When the Taliban fell six years ago, it was thought that a new government would offer women in Afghanistan a greater freedom since their rights are now guaranteed in the new Afghani constitution. The women of Afghanistan can now go to school and find employment, yet except for a small number of wealthy, urbanites, a woman who escapes a setting of domestic horror can end up in jail.
The reality for most women parts of Afghanistan and neighboring Pakistan is less than free: a woman who runs away from home is usually assumed to have taken a lover and can be prosecuted for adultery. Simply leaving her house without her family's permission may be deemed a jailable offense. To see what's happening,
Kamala Janakiram, a UN human rights officer in eastern Afghanistan claims that 70 to 80 percent of cases where a woman escapes a setting of domestic violence, she is charged for running away from home. Compounding this atrocity is the fact that the UN Office on Drugs and Crime have stated that many rape victims are forced to marry their rapists or even imprisoned for adultery because they could not prove they were raped.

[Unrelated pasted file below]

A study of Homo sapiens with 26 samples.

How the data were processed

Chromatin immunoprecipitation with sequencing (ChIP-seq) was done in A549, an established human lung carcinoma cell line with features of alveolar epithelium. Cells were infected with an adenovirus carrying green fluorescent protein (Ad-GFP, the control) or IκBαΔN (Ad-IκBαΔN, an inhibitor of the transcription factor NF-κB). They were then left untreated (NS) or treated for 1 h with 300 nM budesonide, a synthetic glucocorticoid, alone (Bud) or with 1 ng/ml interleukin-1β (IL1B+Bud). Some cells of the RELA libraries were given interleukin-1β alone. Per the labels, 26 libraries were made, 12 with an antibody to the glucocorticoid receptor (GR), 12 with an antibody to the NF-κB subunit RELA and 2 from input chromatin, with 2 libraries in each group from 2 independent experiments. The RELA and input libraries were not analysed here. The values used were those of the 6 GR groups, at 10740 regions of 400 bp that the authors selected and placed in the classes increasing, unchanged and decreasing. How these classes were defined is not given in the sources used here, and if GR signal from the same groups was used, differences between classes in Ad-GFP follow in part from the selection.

These aren't isolated instances either — there are countless stories of women who are horribly abused and disfigured at the hands of their husbands only to be either left to die or thrown in prison — and the blame lays squarely on the justice system. A chief prosecutor of the eastern Nangarhar province, Abdul Qayaum said: “If my wife goes to the bazaar without my permission, I will kill her. This is Afghanistan, not America.”
The man makes a point. Just last week we were debating who was on the wrong side of the Equal Pay bill — and though that inequality might not be great, the true depth of the cultural divide and how women live this very day on this planet that's really not so big — is shattering. At what point does the dominance of culture end and universal human dignity begin?